Wednesday, August 10, 2011

Complaining About Cover Art, Once Again

I still have a few moldy oldies buried here and there, the stray survivors of my attempts to bring everything I've ever written online onto Antick Musings, and, as I discover that I've missed them, I'll be remedying that problem.

Some ideas never get old -- such as saying "my favorite author's new book has a horrible cover! X'thor the Undaunted has three horns, arranged in a spiral shape, and Missy, Princess of Goats not only is much prettier than that, but she has green eyes! Why didn't the author set the artist right?" One such occasion came in April of 2002 on the Straight Dope Message Board, where I replied -- after several others saying similar things -- thusly:

Most authors have about as much control over the covers of their books as Juan Valdez does over the design of the coffee can.

RealityChuck [1] has already said most of what I could say, but let me just repeat that the point of a cover is not to accurately represent anything in the book. (Though it would certainly be nice if it did.) The point of a cover is to get people to a) pick the book up and then b) buy it. A cover that does this is a success; a cover that doesn't is a failure. Other considerations are secondary, but the next most important one is "will the reader think the book fits the cover." Angry Lead Skies has a guy in a fedora staring moodily at a whiskey glass while two fantasy types pose in the background; the book is a Chandleresque PI story set in a fantasy world -- so the cover does tell the reader what kind of book it is. Other points: Some artists and designers are better than others. The better ones tend to be more expensive and busy -- and they can't work on all the books that exist. So some books (especially mass-market midlist genre stuff, like the book in question), get covers done by people who aren't at the top of their field. (Though this obviously isn't a simple metric -- there are always great new artists starting out, and older artists coasting on their previous work.) Books that are cheaper and will make less money don't usually get the more expensive artists. Only a couple of genres -- SF/Fantasy and Romances (and not all of the latter, either) -- get the painted cover look to begin with. Most novels have stock photos or other "evocative" looking bits of art that tell the reader even less about the book. Glen Cook is a nice guy (and a good bookseller, too), but he's a very small fish in the publishing pond. He might get to recommend an artist occasionally, but that would be as far as his involvement in the cover goes. And I'd say that Garrett has a hat on the cover of most of the books because a fedora says "private detective." The only real alternative would be a trenchcoat (actually, both plus a cigarette would be the best), and I don't remember if he ever wears one of those.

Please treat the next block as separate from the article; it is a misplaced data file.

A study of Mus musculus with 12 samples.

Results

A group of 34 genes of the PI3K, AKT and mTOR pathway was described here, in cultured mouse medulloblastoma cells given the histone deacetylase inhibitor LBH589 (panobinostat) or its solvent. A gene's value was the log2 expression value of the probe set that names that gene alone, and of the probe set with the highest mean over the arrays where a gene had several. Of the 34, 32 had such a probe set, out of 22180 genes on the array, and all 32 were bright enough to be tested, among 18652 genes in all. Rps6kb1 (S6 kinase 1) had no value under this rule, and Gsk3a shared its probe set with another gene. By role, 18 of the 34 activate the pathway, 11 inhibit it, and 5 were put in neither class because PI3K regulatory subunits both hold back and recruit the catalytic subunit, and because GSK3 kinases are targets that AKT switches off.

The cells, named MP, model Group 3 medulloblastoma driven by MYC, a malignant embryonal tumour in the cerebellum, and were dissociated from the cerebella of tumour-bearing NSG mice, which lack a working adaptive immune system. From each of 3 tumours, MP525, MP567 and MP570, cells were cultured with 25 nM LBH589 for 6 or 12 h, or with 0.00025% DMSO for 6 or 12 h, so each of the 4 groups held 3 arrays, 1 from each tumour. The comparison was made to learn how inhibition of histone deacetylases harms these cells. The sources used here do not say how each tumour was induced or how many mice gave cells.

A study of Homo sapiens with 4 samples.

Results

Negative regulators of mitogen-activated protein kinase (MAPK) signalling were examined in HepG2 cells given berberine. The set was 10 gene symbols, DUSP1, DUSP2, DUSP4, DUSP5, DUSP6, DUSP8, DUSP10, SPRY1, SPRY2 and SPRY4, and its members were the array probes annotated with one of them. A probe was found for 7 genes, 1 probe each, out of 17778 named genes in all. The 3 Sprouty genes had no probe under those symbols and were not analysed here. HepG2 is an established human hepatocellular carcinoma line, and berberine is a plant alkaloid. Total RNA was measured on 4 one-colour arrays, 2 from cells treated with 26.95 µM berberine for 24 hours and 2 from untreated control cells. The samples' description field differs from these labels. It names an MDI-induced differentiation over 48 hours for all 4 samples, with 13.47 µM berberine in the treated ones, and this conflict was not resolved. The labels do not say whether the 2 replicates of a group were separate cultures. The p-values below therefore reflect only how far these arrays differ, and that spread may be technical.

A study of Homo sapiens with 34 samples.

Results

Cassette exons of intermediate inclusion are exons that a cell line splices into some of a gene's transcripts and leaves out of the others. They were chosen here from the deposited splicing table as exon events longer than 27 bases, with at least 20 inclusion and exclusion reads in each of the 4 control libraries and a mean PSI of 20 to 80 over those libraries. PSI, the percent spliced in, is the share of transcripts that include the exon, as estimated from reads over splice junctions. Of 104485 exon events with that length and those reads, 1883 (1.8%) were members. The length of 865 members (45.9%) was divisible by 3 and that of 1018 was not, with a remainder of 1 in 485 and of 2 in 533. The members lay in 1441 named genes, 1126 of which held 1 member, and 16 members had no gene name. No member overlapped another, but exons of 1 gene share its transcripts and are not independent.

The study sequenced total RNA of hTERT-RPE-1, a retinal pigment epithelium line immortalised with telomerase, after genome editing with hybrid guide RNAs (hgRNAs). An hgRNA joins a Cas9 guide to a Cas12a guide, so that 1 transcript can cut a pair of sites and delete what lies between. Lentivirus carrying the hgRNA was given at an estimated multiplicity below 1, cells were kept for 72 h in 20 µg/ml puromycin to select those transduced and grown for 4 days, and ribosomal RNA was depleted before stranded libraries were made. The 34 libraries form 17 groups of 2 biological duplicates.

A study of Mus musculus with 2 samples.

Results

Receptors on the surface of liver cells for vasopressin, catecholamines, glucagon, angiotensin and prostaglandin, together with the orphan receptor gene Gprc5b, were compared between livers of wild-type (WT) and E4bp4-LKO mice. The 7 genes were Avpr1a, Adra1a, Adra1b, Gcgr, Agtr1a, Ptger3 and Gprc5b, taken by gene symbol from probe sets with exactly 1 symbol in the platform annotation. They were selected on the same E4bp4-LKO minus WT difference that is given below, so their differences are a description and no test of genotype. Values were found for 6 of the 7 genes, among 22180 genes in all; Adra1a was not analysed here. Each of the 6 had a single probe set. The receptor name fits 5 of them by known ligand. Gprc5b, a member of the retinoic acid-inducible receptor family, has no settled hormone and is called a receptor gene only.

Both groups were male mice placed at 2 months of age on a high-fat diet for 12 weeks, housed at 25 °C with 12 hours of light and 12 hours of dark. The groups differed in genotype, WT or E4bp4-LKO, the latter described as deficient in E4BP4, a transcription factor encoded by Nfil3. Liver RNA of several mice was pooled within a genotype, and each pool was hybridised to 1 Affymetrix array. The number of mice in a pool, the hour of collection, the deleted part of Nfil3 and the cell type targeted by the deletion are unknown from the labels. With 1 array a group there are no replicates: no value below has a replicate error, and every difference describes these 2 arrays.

[1] Schenectady's own Chuck Rothman; as usual, the people making sense in an online discussion were all connected to science fiction.

1 comment:

Dirk said...

L.A. Meyer's Bloody Jack series has been the victim of a horrible cover decision. The original paperbacks had really nifty covers by Cliff Nielsen but the reprints or reissues, the new paperbacks, have been given these horrible 'teen romance' type covers. I would actually be embarrassed to be seen reading one of these new covered paperbacks in public.